As I-595 flyover is hoisted, routes will close

Get ready, drivers: The hoisting of the I-595 flyover in Broward County will bring closures this weekend

07/11/2012 5:00 AM

07/11/2012 9:25 PM

Lifting 5 million pounds of steel and concrete will take brute strength, gravity-defying force and a whole lot of muscle.

Or, 50 workers, 24 hydraulic jacks and a computer.

Starting Saturday night, routes will be closed so work crews can begin hoisting the flyover ramp that connects southbound University Drive with eastbound Interstate 595 as part of a $1.8 billion makeover to the main east-west corridor through Central Broward County.

And 24 hours later — by midnight Sunday when most routes will reopen — the bridge will be 18 inches higher.

The flyover project is just one piece of the Florida Department of Transportation’s I-595 Express Corridor Improvements Project, which involves widening the highway to ease the flow of the 180,000 vehicles that travel on it every day. The complex renovation includes adding new lanes, creating on- and off-ramps, and installing lighting along the 13-mile corridor.

By moving the flyover, additional space will be created for more travel lanes.

“We have to raise up the bridge to meet the minimum vertical clearance [for trucks] and shift it to the south to get enough room to get those lanes underneath it,” said Paul Lampley, the I-595 construction project manager. “It is a much more effective and efficient way to move traffic.”

Currently, drivers heading east are travelling on what will become three reversible express lanes: During the morning rush hour, those lanes will head east; during the evening rush hour, they’ll head west.

The flyover has to be lifted and lengthened to make space underneath it for five new lanes — including an exit-only to Davie Road — that will be built next to the three existing lanes.

Lampley explained that creating three reversible lanes will help the flow of traffic at its busiest times in either direction. This will reduce congestion on the road and speed up travel times.

“We really need additional capacity,” he said. “The concept will allow us to provide for that additional volume.’’

The entire construction project began in February 2010 and should be complete by summer 2014. The $1.8 billion price tag includes operation and maintenance of the highway until 2044.

Lampley said the original plan for the eastbound and westbound flyovers at University Drive was to take them down and rebuild brand new ones. But the new plan enables engineers to salvage the current ones and make adjustments to them. Not only does this plan reduce the inconvenience to the public, he said, using existing infrastructure throughout the I-595 project has already shaved about $200 million off the cost.

During this weekend’s project, the bridge will first be raised an eighth of an inch to make sure everything is functioning properly. Shims, or spacers, will then be inserted and pinned into place to fill each one-inch gap.

Once the bridge is raised Sunday night, traffic will be reopened on University Drive and the highway, but the eastbound flyover will remain closed until November.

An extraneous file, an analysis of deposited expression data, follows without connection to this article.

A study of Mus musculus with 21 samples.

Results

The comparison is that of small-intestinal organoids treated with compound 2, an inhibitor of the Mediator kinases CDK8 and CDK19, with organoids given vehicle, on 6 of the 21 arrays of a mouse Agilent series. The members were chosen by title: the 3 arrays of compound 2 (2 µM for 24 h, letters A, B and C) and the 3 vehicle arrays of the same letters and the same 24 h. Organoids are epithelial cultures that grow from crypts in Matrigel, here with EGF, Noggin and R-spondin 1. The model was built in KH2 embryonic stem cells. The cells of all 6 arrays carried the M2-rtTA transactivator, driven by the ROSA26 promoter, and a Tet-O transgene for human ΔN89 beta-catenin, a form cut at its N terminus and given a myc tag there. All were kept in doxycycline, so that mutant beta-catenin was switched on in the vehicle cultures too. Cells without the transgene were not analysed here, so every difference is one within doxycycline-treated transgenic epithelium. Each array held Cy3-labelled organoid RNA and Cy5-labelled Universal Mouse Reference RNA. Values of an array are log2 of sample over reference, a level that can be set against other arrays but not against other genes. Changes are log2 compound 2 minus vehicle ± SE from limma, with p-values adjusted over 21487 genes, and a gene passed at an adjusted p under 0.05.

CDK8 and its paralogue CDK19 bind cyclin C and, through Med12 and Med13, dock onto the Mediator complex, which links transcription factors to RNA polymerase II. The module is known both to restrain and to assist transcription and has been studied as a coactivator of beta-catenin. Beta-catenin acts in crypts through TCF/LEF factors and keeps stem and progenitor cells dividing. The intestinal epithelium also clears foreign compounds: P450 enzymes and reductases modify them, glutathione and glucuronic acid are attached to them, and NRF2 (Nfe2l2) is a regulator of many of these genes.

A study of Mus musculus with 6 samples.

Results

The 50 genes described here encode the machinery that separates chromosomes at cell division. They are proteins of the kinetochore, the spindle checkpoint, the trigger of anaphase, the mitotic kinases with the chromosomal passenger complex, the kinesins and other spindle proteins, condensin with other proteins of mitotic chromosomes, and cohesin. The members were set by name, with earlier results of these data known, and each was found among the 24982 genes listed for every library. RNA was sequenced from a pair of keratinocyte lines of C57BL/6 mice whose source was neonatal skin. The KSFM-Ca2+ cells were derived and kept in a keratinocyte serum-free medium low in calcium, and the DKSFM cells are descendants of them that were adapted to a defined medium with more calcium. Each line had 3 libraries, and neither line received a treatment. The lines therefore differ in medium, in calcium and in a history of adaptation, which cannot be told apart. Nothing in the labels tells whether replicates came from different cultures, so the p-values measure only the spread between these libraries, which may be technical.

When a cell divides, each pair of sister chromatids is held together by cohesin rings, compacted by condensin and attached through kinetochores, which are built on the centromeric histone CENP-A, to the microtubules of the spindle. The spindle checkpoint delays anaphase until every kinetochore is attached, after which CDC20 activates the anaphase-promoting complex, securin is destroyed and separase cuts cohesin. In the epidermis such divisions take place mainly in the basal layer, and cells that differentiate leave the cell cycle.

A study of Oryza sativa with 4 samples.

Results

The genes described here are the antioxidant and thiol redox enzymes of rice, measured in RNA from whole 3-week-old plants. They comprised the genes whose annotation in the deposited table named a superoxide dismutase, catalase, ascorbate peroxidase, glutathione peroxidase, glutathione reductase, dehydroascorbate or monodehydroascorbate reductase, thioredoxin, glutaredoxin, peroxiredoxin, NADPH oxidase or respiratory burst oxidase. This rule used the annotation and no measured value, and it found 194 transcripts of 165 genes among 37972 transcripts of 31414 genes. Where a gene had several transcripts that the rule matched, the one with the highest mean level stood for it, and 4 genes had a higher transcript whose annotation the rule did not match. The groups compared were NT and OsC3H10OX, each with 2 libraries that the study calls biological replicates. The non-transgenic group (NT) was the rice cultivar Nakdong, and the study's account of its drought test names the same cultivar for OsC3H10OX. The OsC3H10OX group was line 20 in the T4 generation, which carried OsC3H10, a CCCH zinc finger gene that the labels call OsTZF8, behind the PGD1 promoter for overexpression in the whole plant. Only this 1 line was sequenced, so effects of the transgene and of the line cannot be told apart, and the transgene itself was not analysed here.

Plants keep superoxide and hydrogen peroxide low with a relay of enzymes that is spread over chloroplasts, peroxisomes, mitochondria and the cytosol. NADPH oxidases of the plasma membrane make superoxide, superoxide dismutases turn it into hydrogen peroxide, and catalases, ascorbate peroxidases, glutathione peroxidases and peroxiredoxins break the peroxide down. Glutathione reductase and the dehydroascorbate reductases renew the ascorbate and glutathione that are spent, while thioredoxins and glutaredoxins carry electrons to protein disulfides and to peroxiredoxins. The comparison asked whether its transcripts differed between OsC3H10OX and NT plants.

Commuters will still be able to get on westbound I-595 while driving north or south on University Drive, and eastbound I-595 from northbound University Drive.

During the 120 days the eastbound ramp from southbound University is closed, crews will install new bolsters, bearings and reinforcing steel around each column. They will also begin to remove the southernmost 251 feet of the ramp, which will take about seven weeks to complete. This involves removing the surface, disassembling the steel support beams and destroying the southernmost column and foundation.

Construction crews will then take about 10 weeks to rebuild the southern end and its new foundations, steel support beams and concrete surface in the new location. They will also reinforce the existing steel support beams, which will require an additional closure of westbound I-595.

The new flyover will open before Thanksgiving and will lead commuters onto eastbound State Road 84, giving them the option to take the eastbound on-ramp to I-595 or continue on eastbound State Road 84 to Davie Road.

The new Davie off-ramp is an example of what will exist at each exit, a “braided” ramp, meaning the traffic is separated on different elevations. Motorists from eastbound State Road 84 and from the flyover will travel on the “ground level” to get on the highway. Eastbound I-595 traffic exiting to Davie Road will use an upper level off-ramp.

This will eliminate the current conflicting traffic as drivers merge on and off the highway in the same spot.

“It is more efficient to bring people off the highway and then bring them on afterward,” Lampley said. “It also eliminates the possibility of any kind of accidents happening in that area.”

In addition, the second flyover that connects northbound University Drive and westbound I-595 will close for three weeks at some point after the first flyover is reopened.

Meanwhile, construction on other parts of the highway will continue nightly, including the addition of other lanes and the installation of street lights along the highway between State Road 7 and Interstate 75.

Lampley said drivers should be careful and alert while driving past construction areas, particularly at night when lanes are closed or redirected.

But with the construction’s progress past the halfway mark, Lampley asked commuters to remember that the current inconveniences are paving the way to a quicker and more efficient drive in the future.

“We are on schedule and actually a little ahead,” he said. “Be patient. We have only 1 1/2 years left, so we’re almost finished.”